Thursday, December 13, 2007

Come on! Ring that bell!

I rang that bell yesterday! You know the one. The Salvation Army bell! Here where I live, the Salvation Army was looking for volunteers to ring the bell outside of stores during the Christmas season. Since I don't have much money to give, I thought I could certainly donate my time. Yesterday was the second time I've rung the bell. I rang it two weeks ago in front of Dillard's department store and yesterday I rang in front of Fry's grocery store. Let me tell you a few things I learned while ringing in front of Fry's yesterday.

People are very generous. Despite the doom and gloom reports by the media about the economy and the lack of change in people's pockets, people are still willing to give what they have. I don't know the exact ratio of people who gave to people who walked by yesterday, but I do know that my kettle was pretty full by the end of my three hour shift. I was pleasantly surprised at people's generosity.

People are also quite receptive to a "Merry Christmas!" Being at the Salvation Army kettle gives you the built-in privilege of saying a hearty "Merry Christmas!" with no apologies needed. The SA has already acquired permission to be in front of the store, so the ringer has the right to wish passersby a merry Christmas and even say, "God bless you!" I did both. And no one looked the least bit offended. And this is in Arizona, mind you. Not the Bible belt. In fact, many people looked me right in the eye and said something like, "Merry Christmas to you. None of that 'Happy Holidays' for me!" Some even wished me a blessed Christmas. Good for them!

One last rather sad observation. There are a lot of people out there who have a really hard time getting around. Hear my heart on this one. I have often wondered why in the world we need so many handicapped parking spaces. Like many of you, I have often scoffed at the number of people riding around stores in little carts with baskets. Couldn't most of these people just get up and walk around the store like most of us? Aren't many of them just plain lazy? You know what? They're not lazy. They're hurting and struggling.

As I stood at the entrance of Fry's for three hours yesterday I saw so many people come through the doors who were struggling just to stand up and put one foot in front of another. Every time I turned around there was someone either using a cane and barely making it, using crutches and obviously struggling, or moving so painfully slow that it made me hurt just watching them. There are a lot of people out there who obviously have a hard time just getting up and getting around each day. I was amazed and grieved. I could tell that the circumstances were different for each person. Some had obvious injuries, some had physical defects or handicaps, some were very old and time had robbed them of strength and flexibility, some were very overweight (but which came first, the handicap or the weight gain I do not presume to know), and some were a mystery, but obviously struggling all the same. I kid you not, for every 5-8 people who came in with good mobility there was another person who struggled to walk or move about.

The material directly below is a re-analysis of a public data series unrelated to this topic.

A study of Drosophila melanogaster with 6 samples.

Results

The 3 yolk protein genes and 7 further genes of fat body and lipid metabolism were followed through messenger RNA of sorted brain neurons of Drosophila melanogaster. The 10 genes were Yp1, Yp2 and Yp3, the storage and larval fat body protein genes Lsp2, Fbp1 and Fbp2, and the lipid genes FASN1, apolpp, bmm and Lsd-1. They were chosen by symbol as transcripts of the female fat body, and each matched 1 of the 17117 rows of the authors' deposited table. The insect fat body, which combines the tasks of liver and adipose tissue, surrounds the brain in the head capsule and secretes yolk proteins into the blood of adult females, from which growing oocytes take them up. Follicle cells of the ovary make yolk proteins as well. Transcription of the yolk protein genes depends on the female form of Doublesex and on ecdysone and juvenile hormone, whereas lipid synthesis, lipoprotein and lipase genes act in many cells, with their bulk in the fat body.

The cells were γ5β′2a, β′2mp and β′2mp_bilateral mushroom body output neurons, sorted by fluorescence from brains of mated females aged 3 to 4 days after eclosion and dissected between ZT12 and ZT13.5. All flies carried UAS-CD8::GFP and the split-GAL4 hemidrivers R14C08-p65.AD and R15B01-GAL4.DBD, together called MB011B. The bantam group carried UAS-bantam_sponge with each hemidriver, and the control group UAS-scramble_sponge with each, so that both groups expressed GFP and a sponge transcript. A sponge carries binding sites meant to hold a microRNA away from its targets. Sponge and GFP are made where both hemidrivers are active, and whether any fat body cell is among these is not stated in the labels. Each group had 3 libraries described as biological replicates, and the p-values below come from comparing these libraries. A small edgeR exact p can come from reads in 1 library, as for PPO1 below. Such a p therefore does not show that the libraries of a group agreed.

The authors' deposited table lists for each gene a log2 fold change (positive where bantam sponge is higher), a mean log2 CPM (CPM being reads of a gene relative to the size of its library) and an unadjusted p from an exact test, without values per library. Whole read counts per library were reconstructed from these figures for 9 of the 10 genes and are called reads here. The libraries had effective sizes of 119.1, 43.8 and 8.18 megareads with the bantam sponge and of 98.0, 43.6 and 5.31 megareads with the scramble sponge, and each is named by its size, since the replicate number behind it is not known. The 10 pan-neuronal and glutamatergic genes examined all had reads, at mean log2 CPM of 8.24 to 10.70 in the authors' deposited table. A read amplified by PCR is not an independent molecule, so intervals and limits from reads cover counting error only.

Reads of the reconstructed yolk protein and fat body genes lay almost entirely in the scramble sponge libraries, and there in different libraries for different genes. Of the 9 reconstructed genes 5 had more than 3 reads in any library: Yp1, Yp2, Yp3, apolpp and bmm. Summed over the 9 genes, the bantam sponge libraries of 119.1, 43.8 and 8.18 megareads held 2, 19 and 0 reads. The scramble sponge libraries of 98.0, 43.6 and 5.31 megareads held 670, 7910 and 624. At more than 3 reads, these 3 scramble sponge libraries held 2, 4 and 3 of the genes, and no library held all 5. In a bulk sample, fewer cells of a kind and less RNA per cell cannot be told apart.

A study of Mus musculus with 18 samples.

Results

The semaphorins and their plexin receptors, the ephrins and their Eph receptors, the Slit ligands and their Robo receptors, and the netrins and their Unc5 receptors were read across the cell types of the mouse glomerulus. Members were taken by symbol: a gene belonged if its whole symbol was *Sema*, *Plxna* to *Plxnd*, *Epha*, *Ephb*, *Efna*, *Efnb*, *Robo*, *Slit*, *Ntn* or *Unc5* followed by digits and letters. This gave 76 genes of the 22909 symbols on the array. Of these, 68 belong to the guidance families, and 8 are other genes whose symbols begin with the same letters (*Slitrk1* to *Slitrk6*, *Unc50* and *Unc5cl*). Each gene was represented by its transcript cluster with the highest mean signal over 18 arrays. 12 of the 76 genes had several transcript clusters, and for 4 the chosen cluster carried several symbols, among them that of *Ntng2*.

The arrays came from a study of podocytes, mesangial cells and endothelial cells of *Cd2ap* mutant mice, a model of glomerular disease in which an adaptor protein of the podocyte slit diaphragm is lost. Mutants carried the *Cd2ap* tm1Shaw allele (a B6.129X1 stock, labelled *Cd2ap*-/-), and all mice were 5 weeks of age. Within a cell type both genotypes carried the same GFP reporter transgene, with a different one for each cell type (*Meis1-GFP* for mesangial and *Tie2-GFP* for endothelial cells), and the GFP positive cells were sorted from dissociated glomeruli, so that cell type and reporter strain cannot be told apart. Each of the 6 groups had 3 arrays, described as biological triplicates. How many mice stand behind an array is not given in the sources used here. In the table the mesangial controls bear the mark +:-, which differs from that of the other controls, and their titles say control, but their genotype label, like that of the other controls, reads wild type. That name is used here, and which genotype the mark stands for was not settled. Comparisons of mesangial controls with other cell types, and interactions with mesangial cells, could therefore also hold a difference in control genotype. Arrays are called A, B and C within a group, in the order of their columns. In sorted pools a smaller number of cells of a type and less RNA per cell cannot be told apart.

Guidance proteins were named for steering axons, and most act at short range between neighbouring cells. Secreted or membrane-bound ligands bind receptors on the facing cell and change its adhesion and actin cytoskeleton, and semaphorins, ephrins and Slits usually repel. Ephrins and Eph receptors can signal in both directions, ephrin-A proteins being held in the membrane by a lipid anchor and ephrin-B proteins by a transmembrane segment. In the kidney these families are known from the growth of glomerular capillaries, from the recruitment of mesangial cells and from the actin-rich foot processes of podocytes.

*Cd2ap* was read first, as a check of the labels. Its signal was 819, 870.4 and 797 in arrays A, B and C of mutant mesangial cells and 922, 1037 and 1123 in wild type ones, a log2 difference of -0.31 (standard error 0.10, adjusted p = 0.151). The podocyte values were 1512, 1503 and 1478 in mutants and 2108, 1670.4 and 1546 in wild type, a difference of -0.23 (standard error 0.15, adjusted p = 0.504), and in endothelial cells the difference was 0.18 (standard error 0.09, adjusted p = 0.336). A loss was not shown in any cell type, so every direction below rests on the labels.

And here's one more thing you need to know. The clear majority of those people walked into Fry's. They did not opt for a motorized cart. They moved slowly and laboriously, but they walked. They used canes or crutches or leaned heavily on a grocery cart, but they walked. Bless their hearts and their aching bones, joints, or muscles. A few did use carts, but after seeing so much struggling going on, I was thankful for those carts and thankful those people could use them to go in the store and do their shopping. I have to tell you, I've had a complete heart change on this issue. My eyes were open to a struggle that I had no idea was shared by so many. After standing at Fry's for three hours my legs ached and I was ready to sit down. But I was so glad I could stand and I could walk. By the looks of things, mobility is something none of us should take for granted. It's a huge blessing. Take it from me, you need to thank God for those legs of yours. There are a lot of people who would if they could!

1 comment:

Toni said...

I think you are right on with this one! We tend to take our mobility for granted....I see my mother struggling just to get from her front door to the car and I have to look at myself when I complain about my feet feeling sore from being on them all day or my shoulders hurting from cleaning the house or lifting something heavy at work. Rather than complain, I should be grateful that I am able to be on my feet all day and able to lift and do my own housework. It's humbling to see others struggle so at tasks that some of us can do effortlessly. Let's remember to pray for those who stuggle daily at the tasks we take for granted every day, and be quick to help them whenever and however we can.